There is no such thing as a perfect strategy or foolproof formula in trading. Believing that there is is one of the most common causes of disaster, both in the dealing room and at home. If you believe something to be infallible, then when it does go wrong (and it will at some point) the temptation is to wait for it to bounce back.
You find yourself saying things like “the market is wrong” and refusing to take a loss until you have no choice. That is how accounts are destroyed and jobs are lost.
That said, though, some patterns repeat often enough that they are worth investigating further, and when the repetition has a logical basis it is reasonable to assume that it will continue. One of the most frequently repeated patterns is how a stock performs after earnings, relative to the initial move.
Some, like MSFT below, tend to retrace following post-earnings moves:
Others, like SS&C Technologies (SSNC), do the exact opposite. A sharp reaction to earnings in a stock like that is usually just the beginning of a momentum driven move that can last for several weeks, or even longer.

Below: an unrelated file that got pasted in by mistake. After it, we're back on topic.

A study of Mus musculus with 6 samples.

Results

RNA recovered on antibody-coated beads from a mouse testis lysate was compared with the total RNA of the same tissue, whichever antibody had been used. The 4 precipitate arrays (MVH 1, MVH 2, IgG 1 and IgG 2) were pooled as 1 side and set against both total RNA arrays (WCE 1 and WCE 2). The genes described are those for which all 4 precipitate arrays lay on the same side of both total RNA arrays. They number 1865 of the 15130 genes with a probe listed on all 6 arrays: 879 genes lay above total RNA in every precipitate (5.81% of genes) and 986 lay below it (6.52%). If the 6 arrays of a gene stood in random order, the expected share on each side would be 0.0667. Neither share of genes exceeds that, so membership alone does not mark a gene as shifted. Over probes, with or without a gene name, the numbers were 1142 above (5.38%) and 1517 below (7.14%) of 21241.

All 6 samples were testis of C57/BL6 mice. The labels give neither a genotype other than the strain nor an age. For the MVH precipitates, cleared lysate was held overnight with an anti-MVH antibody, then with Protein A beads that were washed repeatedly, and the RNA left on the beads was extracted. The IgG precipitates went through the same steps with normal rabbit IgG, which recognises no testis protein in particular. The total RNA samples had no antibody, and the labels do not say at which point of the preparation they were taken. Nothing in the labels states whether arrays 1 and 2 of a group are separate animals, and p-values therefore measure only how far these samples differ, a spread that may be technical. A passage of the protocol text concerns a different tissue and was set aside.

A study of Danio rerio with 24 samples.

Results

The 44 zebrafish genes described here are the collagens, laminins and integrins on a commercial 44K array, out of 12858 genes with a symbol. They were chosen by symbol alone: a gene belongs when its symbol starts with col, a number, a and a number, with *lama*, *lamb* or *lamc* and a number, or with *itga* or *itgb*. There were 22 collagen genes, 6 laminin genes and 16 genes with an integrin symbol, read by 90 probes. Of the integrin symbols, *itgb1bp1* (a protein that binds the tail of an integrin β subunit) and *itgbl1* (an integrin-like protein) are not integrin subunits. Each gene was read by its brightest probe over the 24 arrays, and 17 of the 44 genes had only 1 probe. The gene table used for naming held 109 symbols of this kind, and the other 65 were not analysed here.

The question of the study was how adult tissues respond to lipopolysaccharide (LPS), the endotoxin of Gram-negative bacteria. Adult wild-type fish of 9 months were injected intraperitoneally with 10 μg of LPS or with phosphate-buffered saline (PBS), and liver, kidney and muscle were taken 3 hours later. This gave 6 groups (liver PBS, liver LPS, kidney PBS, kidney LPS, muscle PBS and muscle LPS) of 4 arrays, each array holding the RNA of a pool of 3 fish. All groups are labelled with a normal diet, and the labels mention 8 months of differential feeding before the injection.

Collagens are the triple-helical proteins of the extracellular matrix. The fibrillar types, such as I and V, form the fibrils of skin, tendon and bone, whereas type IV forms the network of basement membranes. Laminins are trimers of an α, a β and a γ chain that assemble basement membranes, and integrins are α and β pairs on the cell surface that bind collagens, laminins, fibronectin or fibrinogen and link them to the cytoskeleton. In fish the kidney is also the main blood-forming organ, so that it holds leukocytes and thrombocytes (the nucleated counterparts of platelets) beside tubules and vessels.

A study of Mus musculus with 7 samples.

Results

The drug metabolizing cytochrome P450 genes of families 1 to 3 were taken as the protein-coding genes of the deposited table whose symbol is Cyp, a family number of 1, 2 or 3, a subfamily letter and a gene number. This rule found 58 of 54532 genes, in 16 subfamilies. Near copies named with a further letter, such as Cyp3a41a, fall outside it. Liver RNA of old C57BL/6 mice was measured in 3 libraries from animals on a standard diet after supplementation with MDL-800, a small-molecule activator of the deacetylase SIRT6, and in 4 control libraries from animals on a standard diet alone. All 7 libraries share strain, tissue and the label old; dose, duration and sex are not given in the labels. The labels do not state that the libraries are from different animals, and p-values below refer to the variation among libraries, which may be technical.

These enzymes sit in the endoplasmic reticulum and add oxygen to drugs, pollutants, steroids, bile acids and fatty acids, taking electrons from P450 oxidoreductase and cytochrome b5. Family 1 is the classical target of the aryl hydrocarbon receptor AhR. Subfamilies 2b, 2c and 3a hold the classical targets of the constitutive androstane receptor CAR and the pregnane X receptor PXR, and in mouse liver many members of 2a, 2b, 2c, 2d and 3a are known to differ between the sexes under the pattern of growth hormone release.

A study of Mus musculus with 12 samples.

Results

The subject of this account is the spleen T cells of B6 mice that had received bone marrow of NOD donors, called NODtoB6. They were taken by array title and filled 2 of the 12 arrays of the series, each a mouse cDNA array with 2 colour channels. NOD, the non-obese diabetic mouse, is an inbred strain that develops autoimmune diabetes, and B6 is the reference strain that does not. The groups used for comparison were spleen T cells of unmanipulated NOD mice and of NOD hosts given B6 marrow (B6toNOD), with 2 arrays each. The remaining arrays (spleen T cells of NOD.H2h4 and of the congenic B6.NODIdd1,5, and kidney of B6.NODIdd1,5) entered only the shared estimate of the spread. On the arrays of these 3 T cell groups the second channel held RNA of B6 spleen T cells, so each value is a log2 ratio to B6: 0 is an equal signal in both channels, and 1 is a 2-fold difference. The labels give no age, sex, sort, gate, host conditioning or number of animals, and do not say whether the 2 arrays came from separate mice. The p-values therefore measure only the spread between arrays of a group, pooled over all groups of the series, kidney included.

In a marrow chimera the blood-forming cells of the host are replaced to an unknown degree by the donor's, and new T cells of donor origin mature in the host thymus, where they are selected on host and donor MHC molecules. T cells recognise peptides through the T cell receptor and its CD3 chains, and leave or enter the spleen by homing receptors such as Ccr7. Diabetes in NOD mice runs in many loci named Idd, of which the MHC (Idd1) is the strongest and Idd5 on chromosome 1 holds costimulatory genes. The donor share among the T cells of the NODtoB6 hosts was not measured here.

There are logical reasons why that happens in this case. SSNC is relatively illiquid, so tends to react a lot to news. That puts a squeeze on wrong positions, and as they are unwound over the next few days, momentum builds. The big move also brings more attention to the stock, and new traders and investors join in, adding even more pressure.
So, after jumping over ten percent on earnings at the end of last week, then retracing a few points over the next couple of days, SSNC looks like a buy at current levels based on the technical picture.
Fundamentals support that view as well.
SS&C is a software company, but they specialize in the financial and healthcare industries, both of which are growth areas in tech. They are getting more than their fair share of that growth, with year on year earnings up over 66% on revenue that was over fifteen percent up on the same basis.
The numbers suggest that that growth still isn’t priced into the stock, even after the pop. SSNC has a forward P/E of just over 14, well below the market average, and a PEG ratio of 0.87. The PEG ratio looks at P/E in relation to growth, and anything under 1 indicates value. This, however, is not a company that is pursuing growth at all costs. They are letting it come naturally, while still generating over $1.1 billion of free cash flow.
Buying SSNC is not a perfect trade. As I said, there is no such thing, but it is one where the odds are in your favor. It has shown a tendency in the past to consolidate post-earnings moves and represents a rare case where the stats indicate both good growth and value at current levels. That makes it worth considering, if nothing else.
The views and opinions expressed herein are the views and opinions of the author and do not necessarily reflect those of Nasdaq, Inc.